The South Coast Air Quality Management District has told UCLA that its controversial long-range growth plans would result in significant air pollution that is not adequately addressed in the university's environmental impact report.
In a letter dated May 15, the district questions UCLA's contention that adding more than 4 million square feet of development could reduce traffic rather than add to it, as Westwood residents fear. The letter asks the university for "further clarification of the existing transportation system's ability to accommodate large increases in vehicular traffic."
Intersections on Wilshire Boulevard in Westwood are repeatedly named among the city's most crowded.
Even if spread out over 15 years, the UCLA construction would interfere with the district's ability to meet federal air quality standards, said the letter, signed by AQMD Planning Manager Jack Broadbent for Planning Director Barry Wallerstein.
UCLA Environmental Planning Officer Mark Horne said the district staff had "bashed" the university's development plan without understanding it. UCLA proposes to cut traffic with an expanded ride-sharing program and other measures, he said.
Horne said this was the first time in 10 years that the AQMD had made any substantive comment on one of the university's environmental impact reports.
The AQMD is the latest agency to express concern about the ambitious development plan unveiled by UCLA this spring. If all the proposed projects were built, the square footage of campus buildings would increase by one third. The plan includes 2,700 housing units for graduate students and faculty on "Lot 32"--a parking lot between Gayley Avenue and the San Diego Freeway--and a new hospital.
While the AQMD does not have the power to approve or reject the long-range plan, it does have to issue a permit for a related project: a new power plant called a chiller-cogenerator that would produce electricity and steam while chilling water for campus air conditioning.
The primary fuels for the plant would be natural and landfill gas. A 120-foot exhaust stack would be needed to dilute emissions before they are released into the air. The plant would be at the south end of the campus on Westwood Plaza, near the UCLA Medical Center.
UCLA representatives said the new plant will be energy-efficient and cut utility bills. They said the tall smokestack is necessary because of hills and tall buildings nearby.
In Kern County, growers and environmentalists, worried about public health and declining crop yields, asked the state Air Resources Board last year to impose a moratorium on any new power-producing cogeneration plants in the San Joaquin Valley.
At a sparsely attended public hearing on the UCLA power plant proposal Tuesday night, Westwood residents complained that the plant would make possible the growth envisioned in the university's expansion plan.
Laura Lake, president of Friends of Westwood, said the plant would be capable of providing four times the energy consumed by the campus in 1983. She said its construction would also create "a major new stationary source for air pollution" in the middle of the city.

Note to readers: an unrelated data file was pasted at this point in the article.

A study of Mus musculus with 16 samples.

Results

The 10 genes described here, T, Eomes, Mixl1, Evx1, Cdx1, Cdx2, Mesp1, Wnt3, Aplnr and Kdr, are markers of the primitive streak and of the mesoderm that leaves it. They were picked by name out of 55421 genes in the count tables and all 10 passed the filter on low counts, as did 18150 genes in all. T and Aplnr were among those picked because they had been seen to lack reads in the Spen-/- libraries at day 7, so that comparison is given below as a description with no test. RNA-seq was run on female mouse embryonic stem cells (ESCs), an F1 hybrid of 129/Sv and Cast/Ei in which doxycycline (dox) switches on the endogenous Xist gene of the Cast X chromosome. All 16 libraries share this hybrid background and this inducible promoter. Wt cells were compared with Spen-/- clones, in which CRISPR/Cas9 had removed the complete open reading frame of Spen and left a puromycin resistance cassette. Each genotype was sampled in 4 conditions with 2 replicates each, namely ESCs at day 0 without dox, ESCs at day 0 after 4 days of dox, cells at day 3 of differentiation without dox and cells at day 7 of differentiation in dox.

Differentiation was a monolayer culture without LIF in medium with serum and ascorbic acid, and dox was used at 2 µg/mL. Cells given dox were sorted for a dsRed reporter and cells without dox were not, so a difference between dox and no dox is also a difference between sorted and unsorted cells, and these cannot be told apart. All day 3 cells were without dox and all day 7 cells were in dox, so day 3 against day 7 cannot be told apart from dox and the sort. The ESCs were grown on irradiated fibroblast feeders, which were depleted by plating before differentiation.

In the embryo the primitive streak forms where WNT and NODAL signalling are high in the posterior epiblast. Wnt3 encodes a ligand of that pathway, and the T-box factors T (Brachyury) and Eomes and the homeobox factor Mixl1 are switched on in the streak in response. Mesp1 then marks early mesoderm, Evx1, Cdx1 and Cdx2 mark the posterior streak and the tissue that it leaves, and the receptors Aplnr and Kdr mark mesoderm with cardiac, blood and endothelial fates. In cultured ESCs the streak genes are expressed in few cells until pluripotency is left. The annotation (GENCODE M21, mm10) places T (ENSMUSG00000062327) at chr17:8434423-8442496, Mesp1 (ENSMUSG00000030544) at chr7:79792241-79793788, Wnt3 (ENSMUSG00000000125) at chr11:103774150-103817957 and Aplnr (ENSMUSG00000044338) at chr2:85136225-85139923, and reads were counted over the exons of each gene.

Westwood resident Wolfgang Veith said the city of Los Angeles "would never think of putting a power generator in Westwood. Never."
In its environmental impact report, UCLA conceded that the plant would significantly affect traffic, produce solid waste and waste water, increase water consumption and worsen air quality. But it called those effects "unavoidable."
The AQMD's Broadbent testified briefly at the hearing but said his staff had not completed a study of the proposed power plant's impact.
Because the AQMD's remarks on the long-range development plan were received after the public-comment period for the plan had ended, UCLA does not have to address them in its final environmental impact report. Horne said he is undecided about how to respond to them.
If the UCLA chiller-cogeneration plant wins approval, it will be structured as a joint venture with a private firm, Parsons Municipal Services Inc., which would build and run the plant. Public funds would finance the construction, Horne said.
UCLA has already scrapped one project on its wish list. Under pressure from homeowners and elected officials, UCLA Chancellor Charles Young said last week that he was dropping a plan to put a 300-room conference center at the south end of the campus, which juts down to Wilshire Boulevard.
The conference center was particularly offensive to its opponents, including City Councilman Zev Yaroslavsky, because it would bring overnight guests to Westwood Village, which is already inundated with people and cars.
Yaroslavsky also called on UCLA to submit its plans for city approval, since they so clearly affect the surrounding community.
As a state agency, UCLA is not subject to local land-use guidelines, but the area's elected officials have persuaded the university to let the city monitor the effects of its development on traffic.